China's property market remained stable in October with home prices falling or posting slower growth in major cities amid tough control policies, the National Bureau of Statistics (NBS) said Saturday.
On a yearly basis, new residential housing prices saw slower growth in 13 of the 15 major cities considered the "hottest markets," NBS data showed.
On a month-on-month basis, new residential housing prices fell in 9 of the 15 cities.
New home prices in Tianjin, Shanghai, and Chengdu climbed 0.1, 0.3, and 0.7 percent, respectively.
Of the 70 large and medium-sized cities surveyed, home prices in 50 cities rose month on month, compared with 44 in September.
NBS statistician Liu Jianwei said that housing prices were "generally stable" in major cities as control policies in different cities continued to take effect.
New residential housing prices in the country's first-tier cities dropped 0.1 percent compared with a month earlier, while second-hand home prices remained flat.
On a yearly basis, both new and second-hand home prices in the first-tier cities reported slower growth for the 13th consecutive month in October.
New home prices in smaller second- and third-tier cities both rose 0.3 percent month on month, higher than the growth in September.
The data provides fresh evidence that China's property market boom is running out of steam as the government continues cooling measures to squeeze asset bubbles.
Since late last year, dozens of local governments have passed or expanded restrictions on house purchases and increased the minimum down payment required for a mortgage.
The property market was also cooled by relatively tightened liquidity conditions as the government moved to contain leverage and risk in the financial system.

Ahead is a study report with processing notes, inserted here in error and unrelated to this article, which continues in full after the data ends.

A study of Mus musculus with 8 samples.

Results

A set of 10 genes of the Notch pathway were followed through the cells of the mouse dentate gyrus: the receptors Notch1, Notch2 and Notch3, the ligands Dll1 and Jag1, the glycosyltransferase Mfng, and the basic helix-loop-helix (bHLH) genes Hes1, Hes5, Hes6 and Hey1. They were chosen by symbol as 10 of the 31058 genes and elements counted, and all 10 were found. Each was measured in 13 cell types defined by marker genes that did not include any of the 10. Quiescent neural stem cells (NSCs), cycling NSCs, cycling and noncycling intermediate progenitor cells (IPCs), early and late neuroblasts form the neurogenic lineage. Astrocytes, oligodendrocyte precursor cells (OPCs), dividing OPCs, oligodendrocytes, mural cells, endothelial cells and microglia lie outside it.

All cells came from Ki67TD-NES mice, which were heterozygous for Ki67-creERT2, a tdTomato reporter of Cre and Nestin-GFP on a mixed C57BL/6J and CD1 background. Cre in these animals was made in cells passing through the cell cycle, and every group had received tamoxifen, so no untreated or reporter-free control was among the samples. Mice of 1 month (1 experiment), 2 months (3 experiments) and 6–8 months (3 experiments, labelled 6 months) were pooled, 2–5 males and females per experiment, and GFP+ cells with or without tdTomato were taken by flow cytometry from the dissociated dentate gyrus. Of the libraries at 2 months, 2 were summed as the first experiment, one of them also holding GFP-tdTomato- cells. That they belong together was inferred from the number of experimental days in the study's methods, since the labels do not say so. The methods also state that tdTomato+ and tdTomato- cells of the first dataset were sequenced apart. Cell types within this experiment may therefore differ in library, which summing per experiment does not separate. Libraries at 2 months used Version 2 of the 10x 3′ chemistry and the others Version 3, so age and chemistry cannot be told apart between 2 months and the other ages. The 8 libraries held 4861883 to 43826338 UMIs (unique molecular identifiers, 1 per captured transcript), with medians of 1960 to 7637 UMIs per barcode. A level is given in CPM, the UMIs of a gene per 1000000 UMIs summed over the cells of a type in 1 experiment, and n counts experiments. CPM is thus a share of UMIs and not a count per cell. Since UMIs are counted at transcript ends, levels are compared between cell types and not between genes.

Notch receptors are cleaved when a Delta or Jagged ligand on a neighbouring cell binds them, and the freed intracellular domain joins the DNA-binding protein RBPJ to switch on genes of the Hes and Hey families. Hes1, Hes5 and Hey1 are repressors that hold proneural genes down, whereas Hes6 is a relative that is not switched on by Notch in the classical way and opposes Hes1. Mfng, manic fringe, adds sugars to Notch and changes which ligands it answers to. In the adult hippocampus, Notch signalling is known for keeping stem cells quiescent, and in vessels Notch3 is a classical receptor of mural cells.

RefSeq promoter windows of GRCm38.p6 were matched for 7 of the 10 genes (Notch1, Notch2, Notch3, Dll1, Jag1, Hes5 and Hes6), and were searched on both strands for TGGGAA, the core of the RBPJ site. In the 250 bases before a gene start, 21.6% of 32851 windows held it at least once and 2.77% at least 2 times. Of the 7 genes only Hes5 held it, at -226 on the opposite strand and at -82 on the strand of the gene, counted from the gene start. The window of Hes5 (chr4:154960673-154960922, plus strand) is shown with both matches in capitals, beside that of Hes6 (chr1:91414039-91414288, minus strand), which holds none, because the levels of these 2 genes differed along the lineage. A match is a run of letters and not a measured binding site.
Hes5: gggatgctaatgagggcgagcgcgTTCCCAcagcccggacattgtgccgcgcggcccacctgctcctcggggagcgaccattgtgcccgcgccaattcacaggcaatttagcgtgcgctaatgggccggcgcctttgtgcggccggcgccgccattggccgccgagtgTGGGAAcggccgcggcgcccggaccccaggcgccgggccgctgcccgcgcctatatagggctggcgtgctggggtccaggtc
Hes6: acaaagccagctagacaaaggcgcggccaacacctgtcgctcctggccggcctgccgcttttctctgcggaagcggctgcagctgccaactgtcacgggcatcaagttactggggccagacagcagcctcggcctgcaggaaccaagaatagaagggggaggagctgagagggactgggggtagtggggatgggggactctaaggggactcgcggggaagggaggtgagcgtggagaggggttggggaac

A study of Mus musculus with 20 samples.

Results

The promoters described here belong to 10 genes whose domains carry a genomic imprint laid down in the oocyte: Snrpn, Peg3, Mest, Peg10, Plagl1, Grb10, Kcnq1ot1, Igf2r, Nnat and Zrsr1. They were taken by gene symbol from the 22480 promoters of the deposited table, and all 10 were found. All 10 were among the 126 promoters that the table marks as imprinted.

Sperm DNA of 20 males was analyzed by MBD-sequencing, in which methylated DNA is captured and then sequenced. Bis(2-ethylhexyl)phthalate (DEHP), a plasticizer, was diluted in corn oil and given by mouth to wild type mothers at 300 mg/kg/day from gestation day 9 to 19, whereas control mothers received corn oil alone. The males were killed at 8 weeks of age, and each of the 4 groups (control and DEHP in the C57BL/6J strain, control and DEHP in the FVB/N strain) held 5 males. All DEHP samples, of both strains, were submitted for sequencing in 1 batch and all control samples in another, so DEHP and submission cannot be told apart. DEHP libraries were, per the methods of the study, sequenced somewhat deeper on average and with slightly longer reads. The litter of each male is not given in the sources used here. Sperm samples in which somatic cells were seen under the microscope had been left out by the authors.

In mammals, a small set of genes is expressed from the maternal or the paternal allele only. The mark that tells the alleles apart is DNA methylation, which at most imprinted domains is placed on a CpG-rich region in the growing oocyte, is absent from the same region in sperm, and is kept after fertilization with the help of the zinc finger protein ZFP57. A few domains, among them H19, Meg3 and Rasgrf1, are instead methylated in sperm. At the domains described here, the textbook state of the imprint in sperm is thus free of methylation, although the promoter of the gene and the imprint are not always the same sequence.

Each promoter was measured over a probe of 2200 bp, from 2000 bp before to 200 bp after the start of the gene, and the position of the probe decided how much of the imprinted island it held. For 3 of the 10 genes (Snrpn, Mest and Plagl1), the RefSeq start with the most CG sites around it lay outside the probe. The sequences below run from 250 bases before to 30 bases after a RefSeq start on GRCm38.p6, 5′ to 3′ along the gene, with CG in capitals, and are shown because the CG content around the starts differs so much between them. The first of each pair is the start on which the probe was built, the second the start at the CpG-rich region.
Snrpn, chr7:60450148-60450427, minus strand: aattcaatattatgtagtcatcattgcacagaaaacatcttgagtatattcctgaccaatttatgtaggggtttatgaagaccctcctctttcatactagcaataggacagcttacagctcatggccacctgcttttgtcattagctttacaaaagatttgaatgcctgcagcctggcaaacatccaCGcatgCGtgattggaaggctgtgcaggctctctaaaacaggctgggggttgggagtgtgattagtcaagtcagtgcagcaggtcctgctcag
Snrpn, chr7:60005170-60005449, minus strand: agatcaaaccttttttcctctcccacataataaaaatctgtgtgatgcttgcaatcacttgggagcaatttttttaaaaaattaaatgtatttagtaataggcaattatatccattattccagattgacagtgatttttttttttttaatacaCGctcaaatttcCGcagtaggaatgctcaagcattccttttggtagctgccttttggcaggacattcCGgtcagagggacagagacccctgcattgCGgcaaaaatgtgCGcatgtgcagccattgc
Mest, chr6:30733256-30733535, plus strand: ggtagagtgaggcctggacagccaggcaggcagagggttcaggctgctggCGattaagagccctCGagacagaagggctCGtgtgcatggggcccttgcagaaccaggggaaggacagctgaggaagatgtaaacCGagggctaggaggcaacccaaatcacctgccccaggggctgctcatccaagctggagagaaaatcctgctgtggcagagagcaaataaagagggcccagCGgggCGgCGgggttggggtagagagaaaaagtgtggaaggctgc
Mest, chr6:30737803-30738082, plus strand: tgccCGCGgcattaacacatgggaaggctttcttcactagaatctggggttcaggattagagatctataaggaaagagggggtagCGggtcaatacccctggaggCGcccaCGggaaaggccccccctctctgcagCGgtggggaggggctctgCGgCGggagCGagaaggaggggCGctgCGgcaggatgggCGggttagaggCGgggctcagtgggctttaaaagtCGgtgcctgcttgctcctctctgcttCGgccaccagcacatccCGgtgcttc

Data from the People's Bank of China showed that loans to China's real estate sector continued to grow at a slower pace, with outstanding loans up 22.8 percent year on year to 31.1 trillion yuan (4.7 trillion U.S. dollars) by the end of September, 1.4 percentage points lower than the rate seen at the end of June.
Despite the cooling measures, China's economy expanded by a robust 6.9 percent year on year in the first three quarters, well above the government target of 6.5 percent for the year.
Recent policies have showed the government will not loosen its stance in curbing property speculation, and that will limit the upward potential for housing prices, said Bank of Communications in a research note.
Authorities stepped up measures to act against irregularities in property financing earlier this month, prohibiting property developers, real estate agencies as well as Internet finance and micro-loan companies from offering illicit down payment financing for buyers.
Using funds obtained through channels such as consumer loans for property purchases will also be banned, according to the Ministry of Housing and Urban-Rural Development.
Earlier NBS data showed that property sales in terms of floor area climbed 8.2 percent in the first 10 months, retreating 2.1 percentage points from the January-September level.
By the end of October, 602.58 million square meters of property remained unsold, down by 8.82 million square meters from a month earlier.
Taking into account the tightened liquidity condition and the fact that more cities imposed housing purchase restrictions in October, sales will further trend down at year end, Bank of Communications predicted.